The Ilmor ION electric outboard motor, developed by Ilmor’s Advanced Technology Group, hopes to power the next generation of light electric watercraft from tenders to pontoon boats.
The new electric outboard motor was shown off for the first time in the US over the weekend at the Miami Boat Show after being unveiled late last year at the METSTRADE boat show in Amsterdam.
Surrounded by countless boats that could have made use of its sleek and innovative drive, the Ilmor ION electric outboard showed off the future of light electric marine motors.
The motor touts a power output of 6 kW, which is around 8 horsepower. But we’ve seen several small electric outboards that provide equivalent performance to combustion engine outboards 2-3x their power rating. So that little 8 hp electric outboard could be punching far above its weight class, so to speak.
The motor also has a “Boost Mode” that can add around 15% more power for a few moments, when motoring out of somewhere quickly is a concern.
But don’t call this an electric trolling motor. The Ilmor ION looks to be a much more refined, not to mention more powerful setup.
As the company explained:
From the beginning, achieving a progressive design was crucial, and its bold look is a glimpse of what the future has in store. The Ilmor team integrated critical components requiring cooling into the underwater housing, which allows for passive cooling and increased performance. They also included a segment-first, fully integrated trim system to expand the ION’s capabilities. This results in eliminating the need for costly aftermarket systems while providing integration with the overall controls of the motor.
The transom-mount motor is designed for light watercraft such as pontoon boats and tenders. The motor can power a 24′ (7.3 meter) pontoon boat at 6 knots (7 mph or 11 km/h).
The drive unit also includes an innovative RGB LED lighting strip for both visibility and customization.
As the company explained:
This vivid lighting was integrated into the product design to provide a visual indicator of the motor running condition to increase safety when the ION is operational. However, other modes were also incorporated to add to a lively environment. Modes include charging, dock, running, and various party modes.
The drive system runs on a 48V circuit, and Ilmor is currently working with battery manufacturers to develop both a lithium-ion and a lead acid battery pack solutions. The former would allow less weight and longer cycle life, while the latter would keep the price down for those with extra space on board, such as larger pontoon boats.
As Ilmor engineer Jonathan Roos explained:
We have partnered with lithium battery companies and support a few different form factors to fit into different dimensional applications. We also have it setup to work with lead acid batteries for low cost installations, which is typical for pontoon boat installs since they have the room.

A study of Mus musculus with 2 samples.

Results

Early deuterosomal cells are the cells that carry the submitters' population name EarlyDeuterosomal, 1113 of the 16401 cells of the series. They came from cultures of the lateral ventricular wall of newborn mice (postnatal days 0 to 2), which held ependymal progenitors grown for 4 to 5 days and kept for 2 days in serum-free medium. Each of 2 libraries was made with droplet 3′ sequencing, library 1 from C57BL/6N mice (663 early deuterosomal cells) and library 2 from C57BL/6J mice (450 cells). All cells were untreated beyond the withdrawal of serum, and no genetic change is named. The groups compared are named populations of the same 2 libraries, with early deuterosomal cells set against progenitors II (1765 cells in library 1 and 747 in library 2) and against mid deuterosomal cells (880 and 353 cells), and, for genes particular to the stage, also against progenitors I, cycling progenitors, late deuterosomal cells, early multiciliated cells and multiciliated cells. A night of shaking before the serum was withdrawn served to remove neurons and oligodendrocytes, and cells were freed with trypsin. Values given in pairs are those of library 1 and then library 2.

Multiple prototypes have so far racked up hundreds of hours of testing, and production units are expected to become available in the following months as the company’s Michigan factory spins up to production.
The motors will be available through a dealer network, allowing private boaters to retrofit their own vessels or build an electric boat. OEM manufacturers will also have access to Ilmor’s ION drive for building new electric boats.
The ION electric outboard was initially designed for electric-only and no-wake lakes where electric pontoon boats have become popular, but the company has since seen significant interest for applications ranging from jon boats, tenders, and other small boats. European interest has also spiked, where electric outboards make it easier to fit tighter European regulations.
It’s great to see more electric outboard motors preparing to come to market, especially in higher power configurations.
We’ve seen several 1-3 hp equivalent electric outboards designed for small skiffs, but motors similar in power to this Ilmor ION unit provide much more versatility for boat designers and consumers alike. Moving a 24′ pontoon boat at 6 knots is certainly more than a trolling motor could handle. And with advanced features like seaweed protection and power tilt trim, it seems like Ilmor is prepared to go head to head with some of the fancier options on the market at a more affordable price.
Hmm, maybe I’ll just have to get one of these to upgrade my Chinese electric boat. The motor likely costs more than what I paid for the boat, but it’d sure add some pizazz – not to mention some power!